Making Sunday Supper

By Todd Coleman

Published on September 6, 2009

"I love lamb," says Camille Labro. "If I had to pick, it would be my favorite meat. It's so velvety, so milky." Labro, a 38-year-old Parisian food writer who is compiling a cookbook of her mother's Provençal recipes, is pulling her wheeled shopping cart past the vendor stalls of the Marche Richard-Lenoir, just off the place de la Bastille in Paris. Her destination is Boucherie Bruno, the stall of a popular butcher who sells only at the market. She's buying ingredients for a favorite Sunday meal: a slow-roasted gigot d'agneau, or leg of lamb, seasoned with herbs and garlic and served with stewed white beans. It's her family's rendition of the classic gigot de sept heures, or seven-hour lamb.

It's early in the morning still, but a long line has formed at Boucherie Bruno. Fortunately, Labro placed her order last week. "I learned long ago that if you don't reserve ahead, everything good just disappears," she says, as the butcher hands her a neatly wrapped parcel, which she opens before paying for the meat. Wrapped in the white paper is a plump, four-pound leg of baby lamb from which the butcher has thoughtfully removed the pelvic bone—to make it easier to slice—before tying the leg back together with kitchen twine. Labro smiles. It's perfect.

The French have a special fondness for lamb; they raise some of the best in the world, and chefs and home cooks transform it into a remarkable array of dishes. It's part of their culture, their heritage: the slow-cooked shanks served at bistros; the rib racks crusted with a paste of garlic and parsley, called a persillade, and roasted for special occasions; lamb loin chops skewered with a sprig of rosemary and rubbed with olive oil and herbs before being grilled over charcoal. Particularly in regions where sheep's milk is needed for the making of cheese, like Roquefort and Ossau-Iraty, lamb is produced and consumed in great quantities. The lamb Labro has bought comes from the Midi-Pyrenees region, which specializes in milk-fed Aveyron lamb, prized for its succulence.

Back in her apartment, a large, airy flat in the 11th arrondissement, Labro unloads the contents of her cart—herbs, garlic, the lamb, a baguette, a bottle of red wine from the southern Languedoc region—and arranges the ingredients on her kitchen table. She pulls an old wooden pepper grinder off a shelf and gives it a few turns, sending a coarsely ground mixture of peppercorns into the drawerlike receptacle in the bottom of the grinder, which she sets aside. She rubs the lamb all over with olive oil; then she retrieves a cocotte, a heavy enameled Dutch oven, from a cupboard and sets it over a high flame. Finally, she sprinkles the lamb with the pepper and some coarse salt and nestles it into the cocotte to let it sear.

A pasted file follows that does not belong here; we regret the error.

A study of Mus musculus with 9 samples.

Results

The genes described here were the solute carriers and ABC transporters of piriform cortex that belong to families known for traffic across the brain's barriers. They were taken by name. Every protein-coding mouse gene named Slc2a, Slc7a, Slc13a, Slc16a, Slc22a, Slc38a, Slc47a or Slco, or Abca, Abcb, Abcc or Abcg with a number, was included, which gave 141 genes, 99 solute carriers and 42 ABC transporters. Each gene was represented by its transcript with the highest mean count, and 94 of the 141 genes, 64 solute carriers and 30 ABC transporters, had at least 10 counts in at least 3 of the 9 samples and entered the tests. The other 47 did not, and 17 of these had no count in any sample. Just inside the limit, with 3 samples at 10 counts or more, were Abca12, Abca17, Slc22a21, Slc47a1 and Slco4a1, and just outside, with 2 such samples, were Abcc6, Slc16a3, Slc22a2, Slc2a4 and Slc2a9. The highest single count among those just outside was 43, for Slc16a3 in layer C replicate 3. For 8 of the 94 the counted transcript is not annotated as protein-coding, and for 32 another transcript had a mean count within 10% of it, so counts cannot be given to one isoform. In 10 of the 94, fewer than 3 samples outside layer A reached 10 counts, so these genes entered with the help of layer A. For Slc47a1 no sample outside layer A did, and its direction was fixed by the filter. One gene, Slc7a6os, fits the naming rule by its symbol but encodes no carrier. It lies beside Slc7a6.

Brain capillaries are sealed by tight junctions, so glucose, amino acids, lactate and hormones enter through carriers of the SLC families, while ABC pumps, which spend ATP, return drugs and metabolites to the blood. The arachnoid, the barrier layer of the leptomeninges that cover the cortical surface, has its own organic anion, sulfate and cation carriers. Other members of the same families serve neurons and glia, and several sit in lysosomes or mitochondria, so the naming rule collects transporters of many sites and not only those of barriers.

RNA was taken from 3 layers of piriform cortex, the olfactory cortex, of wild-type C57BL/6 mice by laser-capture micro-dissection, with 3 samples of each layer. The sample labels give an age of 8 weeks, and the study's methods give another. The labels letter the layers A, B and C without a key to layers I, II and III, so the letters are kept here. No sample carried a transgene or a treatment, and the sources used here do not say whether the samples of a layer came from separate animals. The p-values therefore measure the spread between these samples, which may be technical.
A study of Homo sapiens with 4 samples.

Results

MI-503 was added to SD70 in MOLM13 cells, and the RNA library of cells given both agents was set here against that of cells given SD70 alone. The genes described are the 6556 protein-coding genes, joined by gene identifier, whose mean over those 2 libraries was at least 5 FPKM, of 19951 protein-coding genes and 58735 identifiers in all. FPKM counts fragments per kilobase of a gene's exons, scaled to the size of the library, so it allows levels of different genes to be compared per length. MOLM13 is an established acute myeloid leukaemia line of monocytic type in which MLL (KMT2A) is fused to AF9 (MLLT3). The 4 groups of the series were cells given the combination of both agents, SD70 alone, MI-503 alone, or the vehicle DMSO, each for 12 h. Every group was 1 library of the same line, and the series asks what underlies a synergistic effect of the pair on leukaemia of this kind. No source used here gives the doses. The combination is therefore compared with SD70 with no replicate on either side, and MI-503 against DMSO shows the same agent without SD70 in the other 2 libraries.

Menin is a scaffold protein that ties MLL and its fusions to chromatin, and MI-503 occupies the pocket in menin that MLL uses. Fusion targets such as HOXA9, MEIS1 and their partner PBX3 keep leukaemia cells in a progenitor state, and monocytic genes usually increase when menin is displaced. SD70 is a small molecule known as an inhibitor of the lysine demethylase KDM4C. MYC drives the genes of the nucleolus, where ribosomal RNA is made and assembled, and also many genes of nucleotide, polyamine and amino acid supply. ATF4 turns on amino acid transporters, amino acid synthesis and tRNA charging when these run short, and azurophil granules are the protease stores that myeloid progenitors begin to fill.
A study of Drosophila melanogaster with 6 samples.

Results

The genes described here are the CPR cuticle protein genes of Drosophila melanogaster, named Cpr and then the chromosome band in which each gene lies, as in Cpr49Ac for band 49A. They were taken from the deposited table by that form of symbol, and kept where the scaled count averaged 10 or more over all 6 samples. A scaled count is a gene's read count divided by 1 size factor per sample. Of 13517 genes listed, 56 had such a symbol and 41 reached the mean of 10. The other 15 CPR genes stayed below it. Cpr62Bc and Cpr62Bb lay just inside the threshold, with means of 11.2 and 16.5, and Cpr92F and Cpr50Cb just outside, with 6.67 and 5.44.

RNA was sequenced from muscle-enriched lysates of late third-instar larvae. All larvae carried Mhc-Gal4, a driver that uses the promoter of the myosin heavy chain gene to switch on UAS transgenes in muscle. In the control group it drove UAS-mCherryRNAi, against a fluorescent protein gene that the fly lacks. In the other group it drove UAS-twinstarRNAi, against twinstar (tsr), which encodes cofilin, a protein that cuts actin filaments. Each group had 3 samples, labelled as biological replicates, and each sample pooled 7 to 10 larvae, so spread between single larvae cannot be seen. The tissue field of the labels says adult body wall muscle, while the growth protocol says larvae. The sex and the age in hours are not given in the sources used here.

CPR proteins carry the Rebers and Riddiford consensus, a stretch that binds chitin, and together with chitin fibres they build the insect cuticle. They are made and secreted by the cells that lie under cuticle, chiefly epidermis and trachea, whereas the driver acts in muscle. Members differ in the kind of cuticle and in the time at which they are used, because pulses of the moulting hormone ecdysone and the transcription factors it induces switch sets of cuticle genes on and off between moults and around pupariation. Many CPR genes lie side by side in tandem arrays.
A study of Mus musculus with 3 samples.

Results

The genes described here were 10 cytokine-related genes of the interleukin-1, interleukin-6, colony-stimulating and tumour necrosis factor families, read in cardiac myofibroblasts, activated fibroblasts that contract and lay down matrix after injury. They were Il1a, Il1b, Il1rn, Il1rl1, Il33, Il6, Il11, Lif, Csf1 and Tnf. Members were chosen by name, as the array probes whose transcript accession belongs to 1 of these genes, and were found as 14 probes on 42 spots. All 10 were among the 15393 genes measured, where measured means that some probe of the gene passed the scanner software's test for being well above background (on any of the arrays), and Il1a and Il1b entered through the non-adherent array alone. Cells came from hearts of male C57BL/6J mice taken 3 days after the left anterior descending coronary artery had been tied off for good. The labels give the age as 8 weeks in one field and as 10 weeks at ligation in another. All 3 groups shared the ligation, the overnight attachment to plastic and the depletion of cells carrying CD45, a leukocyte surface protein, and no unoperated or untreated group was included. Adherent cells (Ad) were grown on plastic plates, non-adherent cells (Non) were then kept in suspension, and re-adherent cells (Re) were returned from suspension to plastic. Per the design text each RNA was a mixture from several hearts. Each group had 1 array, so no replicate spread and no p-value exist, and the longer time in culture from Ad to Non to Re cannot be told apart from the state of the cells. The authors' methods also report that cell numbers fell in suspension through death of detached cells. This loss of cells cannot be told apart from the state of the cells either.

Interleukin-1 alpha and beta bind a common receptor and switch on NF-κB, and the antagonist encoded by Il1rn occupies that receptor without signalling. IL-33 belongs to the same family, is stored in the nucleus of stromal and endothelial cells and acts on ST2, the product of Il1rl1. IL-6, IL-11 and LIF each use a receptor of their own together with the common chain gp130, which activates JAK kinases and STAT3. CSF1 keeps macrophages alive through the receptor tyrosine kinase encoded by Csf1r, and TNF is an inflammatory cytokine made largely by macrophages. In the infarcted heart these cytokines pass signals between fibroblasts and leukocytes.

While the lamb browns, Labro breaks open a head of garlic and scatters the unpeeled cloves into an oiled glass casserole dish. Atop the garlic cloves she builds a loose nest of fresh rosemary sprigs, bay leaves, and savory. "Everyone in Provence grows and loves savory," she says of the peppery herb. "When I taste it, I have a rush of memories from my garden." Once the lamb has browned all over, she removes it from the cocotte and places it on top of the herbs in the casserole dish. Next, she empties a leftover bottle of white wine from her refrigerator into the still-sizzling cocotte, freeing the caramelized bits from the bottom of the pot, before pouring the mixture of wine and meat juices over the lamb. Into the oven goes the meat, which will cook at 300 degrees or so for most of the afternoon. "In the end," she says, "the lamb should be confit: caramelized, sticky to the teeth, almost melting."

Now Labro turns to the beans— small white ones that go by the name coco de Paimpol—which have been soaking in a pot of water overnight. "These are from the Lorraine, like the ones my great-great-grandmother used to make," says Labro, as she sets the pot on the stove to simmer. To the beans she adds a clove-studded onion and a thick bundle of herbs: flat-leaf parsley, thyme, and bay leaves. Later, she'll mix the beans with a puree of raw garlic and creme fraiche.

Early-afternoon sunlight streams into the kitchen, and the room is filled with a heady aroma of herbs, garlic, wine, and braising lamb. Labro opens the oven door and steals a forkful of tender lamb; it's juicy and rich and almost ready. Brushing a strand of hair from her face, she consults the crumpled piece of paper her mother's recipe is written on, to make sure she's got everything right. "It can be frustrating because my mother never uses measures or gives cooking times," she says. But with dishes this forgiving, those details hardly ever matter.